6 Tips for Going Back to Work after Maternity Leave

Returning to work following your maternity leave is a challenging time. But with the right organisation and guidance, you can resume your career and provide great care for your children.

Maternity leave is a great benefit for new mothers in Singapore. However, transitioning back to work is a challenging process for many reasons. Not only are you spending time apart from your child, but you also find yourself with professional problems that require thought and consideration. This can include anything, from getting accustomed to the work environment and hours to getting up to speed with new processes introduced while you were away.

So, when it’s time to return to work, how can you ensure this shift goes as smoothly as possible? We’ve put together some helpful tips to overcome the physical and mental difficulties that emerge towards the end of your maternity leave and help you successfully get back to the office.

1. Stay up to date 

Before you complete your maternity leave, it’s always a good idea to stay informed about the workplace from a distance. Although you have plenty to manage with your newborn child, checking in to get occasional updates from colleagues ensures you don’t return to a rude surprise.

Once you’ve decided on a return date, contact your boss for an informal chat about schedule changes. By remaining in touch with your team about how the office has evolved during your absence, working mothers like yourself can slot back into professional roles effortlessly.


Even if you’re looking forward to working in the office again, there’s a good chance that you’ll find your old schedule incredibly demanding. If this might be the case, consider asking whether a flexible arrangement is possible in your workplace.

As your work-life balance becomes more complicated than ever before, having the ability to work certain hours from home or arrive late on days you need to drop your baby off with a caretaker or childcare is incredibly helpful. Start this dialogue before you return to reach a mutual agreement. It will go a long way in maintaining a good relationship with your boss.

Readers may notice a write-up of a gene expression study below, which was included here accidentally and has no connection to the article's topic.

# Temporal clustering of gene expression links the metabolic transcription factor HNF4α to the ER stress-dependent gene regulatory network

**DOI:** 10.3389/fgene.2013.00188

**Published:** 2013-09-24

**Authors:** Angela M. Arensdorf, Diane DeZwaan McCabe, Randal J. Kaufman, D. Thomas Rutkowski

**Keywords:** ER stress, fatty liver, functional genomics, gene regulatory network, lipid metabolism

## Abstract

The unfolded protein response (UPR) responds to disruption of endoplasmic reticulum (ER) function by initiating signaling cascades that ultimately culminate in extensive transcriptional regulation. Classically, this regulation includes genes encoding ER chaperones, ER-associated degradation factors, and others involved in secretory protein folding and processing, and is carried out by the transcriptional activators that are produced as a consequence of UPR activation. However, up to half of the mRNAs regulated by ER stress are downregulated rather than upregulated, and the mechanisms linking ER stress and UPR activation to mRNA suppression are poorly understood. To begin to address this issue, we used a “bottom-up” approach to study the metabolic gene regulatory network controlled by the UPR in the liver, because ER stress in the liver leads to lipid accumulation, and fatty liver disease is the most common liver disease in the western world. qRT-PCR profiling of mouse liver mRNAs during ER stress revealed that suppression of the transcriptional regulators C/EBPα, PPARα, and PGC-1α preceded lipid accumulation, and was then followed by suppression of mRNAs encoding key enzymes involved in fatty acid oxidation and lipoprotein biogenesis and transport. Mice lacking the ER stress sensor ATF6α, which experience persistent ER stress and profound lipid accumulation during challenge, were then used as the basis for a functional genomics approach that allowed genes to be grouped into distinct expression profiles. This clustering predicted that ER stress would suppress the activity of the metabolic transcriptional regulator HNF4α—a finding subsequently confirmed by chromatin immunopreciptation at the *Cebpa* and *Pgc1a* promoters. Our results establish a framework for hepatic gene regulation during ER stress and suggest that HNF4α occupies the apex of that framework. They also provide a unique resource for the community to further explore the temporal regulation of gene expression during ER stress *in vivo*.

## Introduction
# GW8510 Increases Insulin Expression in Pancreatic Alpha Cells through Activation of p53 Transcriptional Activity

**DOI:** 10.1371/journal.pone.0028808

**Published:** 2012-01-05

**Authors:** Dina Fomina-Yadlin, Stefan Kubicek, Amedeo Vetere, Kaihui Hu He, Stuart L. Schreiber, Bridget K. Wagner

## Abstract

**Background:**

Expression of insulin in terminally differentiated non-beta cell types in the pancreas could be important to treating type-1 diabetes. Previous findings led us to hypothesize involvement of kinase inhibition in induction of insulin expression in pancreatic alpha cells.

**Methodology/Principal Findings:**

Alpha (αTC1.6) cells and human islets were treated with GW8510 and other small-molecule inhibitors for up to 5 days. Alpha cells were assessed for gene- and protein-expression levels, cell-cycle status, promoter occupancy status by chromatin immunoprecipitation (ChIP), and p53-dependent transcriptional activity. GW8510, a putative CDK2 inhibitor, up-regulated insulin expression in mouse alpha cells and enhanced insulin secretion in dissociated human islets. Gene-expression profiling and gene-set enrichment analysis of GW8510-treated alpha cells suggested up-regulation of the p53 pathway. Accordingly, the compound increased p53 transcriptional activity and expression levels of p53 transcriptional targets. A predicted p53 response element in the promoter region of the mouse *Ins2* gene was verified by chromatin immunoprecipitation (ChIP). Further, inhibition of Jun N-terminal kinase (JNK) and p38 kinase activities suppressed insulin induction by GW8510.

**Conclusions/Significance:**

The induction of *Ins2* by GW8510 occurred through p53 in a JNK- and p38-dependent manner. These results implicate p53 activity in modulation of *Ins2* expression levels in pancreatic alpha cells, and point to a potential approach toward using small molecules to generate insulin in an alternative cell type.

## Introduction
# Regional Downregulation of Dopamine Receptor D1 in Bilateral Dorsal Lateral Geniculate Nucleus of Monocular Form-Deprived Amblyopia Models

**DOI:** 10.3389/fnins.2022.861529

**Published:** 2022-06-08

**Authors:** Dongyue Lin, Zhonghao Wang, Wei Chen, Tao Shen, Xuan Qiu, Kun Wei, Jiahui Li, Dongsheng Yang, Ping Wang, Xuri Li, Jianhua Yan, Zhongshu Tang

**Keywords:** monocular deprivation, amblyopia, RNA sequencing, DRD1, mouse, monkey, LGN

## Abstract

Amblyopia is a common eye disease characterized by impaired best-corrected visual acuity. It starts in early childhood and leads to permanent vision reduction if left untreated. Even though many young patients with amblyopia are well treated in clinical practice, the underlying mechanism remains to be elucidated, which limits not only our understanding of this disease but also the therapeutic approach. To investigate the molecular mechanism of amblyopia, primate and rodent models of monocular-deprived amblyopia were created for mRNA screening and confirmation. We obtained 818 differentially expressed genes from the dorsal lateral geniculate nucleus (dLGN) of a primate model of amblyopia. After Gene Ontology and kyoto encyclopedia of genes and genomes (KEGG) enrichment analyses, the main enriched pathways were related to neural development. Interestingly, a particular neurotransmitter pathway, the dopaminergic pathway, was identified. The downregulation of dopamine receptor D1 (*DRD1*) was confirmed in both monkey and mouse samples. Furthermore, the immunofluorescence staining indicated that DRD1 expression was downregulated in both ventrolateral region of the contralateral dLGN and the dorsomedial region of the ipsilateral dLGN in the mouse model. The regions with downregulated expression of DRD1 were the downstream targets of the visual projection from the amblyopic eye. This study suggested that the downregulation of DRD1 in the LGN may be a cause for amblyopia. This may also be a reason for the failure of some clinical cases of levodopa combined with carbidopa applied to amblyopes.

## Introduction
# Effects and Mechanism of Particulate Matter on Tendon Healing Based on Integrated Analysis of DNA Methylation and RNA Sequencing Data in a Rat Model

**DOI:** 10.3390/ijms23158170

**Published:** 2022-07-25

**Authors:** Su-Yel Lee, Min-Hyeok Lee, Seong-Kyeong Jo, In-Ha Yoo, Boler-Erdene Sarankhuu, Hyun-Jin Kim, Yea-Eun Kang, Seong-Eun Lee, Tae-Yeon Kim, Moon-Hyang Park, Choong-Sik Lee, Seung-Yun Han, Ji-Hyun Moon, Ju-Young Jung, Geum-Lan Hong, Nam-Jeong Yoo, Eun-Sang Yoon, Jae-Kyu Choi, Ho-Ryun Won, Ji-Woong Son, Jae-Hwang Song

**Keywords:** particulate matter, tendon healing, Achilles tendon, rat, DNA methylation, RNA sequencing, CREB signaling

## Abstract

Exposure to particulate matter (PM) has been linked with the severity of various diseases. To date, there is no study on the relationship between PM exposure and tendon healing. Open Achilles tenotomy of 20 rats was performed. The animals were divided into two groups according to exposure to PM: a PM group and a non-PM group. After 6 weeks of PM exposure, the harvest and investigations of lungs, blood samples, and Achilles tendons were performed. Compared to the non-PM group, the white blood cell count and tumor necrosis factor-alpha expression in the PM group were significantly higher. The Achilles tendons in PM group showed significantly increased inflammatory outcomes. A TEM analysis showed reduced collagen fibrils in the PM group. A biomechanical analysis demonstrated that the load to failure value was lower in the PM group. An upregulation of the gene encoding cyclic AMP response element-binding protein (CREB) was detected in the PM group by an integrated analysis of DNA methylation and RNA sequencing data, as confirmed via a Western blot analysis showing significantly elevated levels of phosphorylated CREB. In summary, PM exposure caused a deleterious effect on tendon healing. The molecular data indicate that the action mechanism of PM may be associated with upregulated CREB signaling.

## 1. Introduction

3. Plan your childcare needs

After spending a few weeks at home, you’ve probably developed a solid routine with your child. However, this schedule comes under pressure when working mothers return to the office. To experience the fewest problems, you need a carefully considered childcare plan that makes sense alongside your career.

For example, having relatives commit to a certain amount of care each week gives your schedule more certainty. Meanwhile, putting your child into professional childcare can also ease your troubles. With a detailed childcare plan, you won’t have to worry about who’s looking after your child when you’re away.

4. Don’t over commit

Working mothers in fast-paced careers are often tempted to dive headfirst back into their professional commitments. However, don’t underestimate the difficulty of transitioning into your working life following maternity leave. Instead, try to set proper boundaries and say no when needed.

Studies have found that women are 50% more likely to be asked to do ‘invisible work’ than men and are keener to volunteer for them. While essential, tasks like ad-hoc employee training or admin roles can go unrecognised. Maintaining your time away from work is key to providing childcare and supporting your mental health. Speak to your manager should you need more time, help or are unable to complete specific tasks, and offer a possible solution.

5. Create a routine

Every professional needs a routine, but it becomes even more critical when balancing your career alongside your child’s health and wellbeing. By planning when specific tasks are performed, at work and at home, you can meet the needs of both sides of your life.

Using a weekly calendar, you might outline who handles meal preparation, bathing and bedtime stories. Then, you might have a similar outline for preparing breakfast, play time and transporting kids to childcare. Having a straightforward routine means you won’t feel so rushed each day.


Once you’ve decided on a routine, do a test run to see if it works for your daily activities. If you know you have to leave at 8am to arrive at work on time, make sure you can comfortably prepare your child for the day and look after yourself with a few minutes to spare.

The same goes for post-work hours. You might have to pick up your child from their nanny or spend an hour preparing their dinner. Factor all these considerations into your test run to ensure it provides a realistic outlook on what to expect following your maternity leave.

Ease your return to work

Figuring out how to manage your career and childcare needs takes work and planning. By following these tips and keeping tabs on your physical and mental health, you can prepare yourself for a strong return to the office without sacrificing family time. Why not hear from experienced working mothers and take away some valuable insights that’ll help you navigate your transition?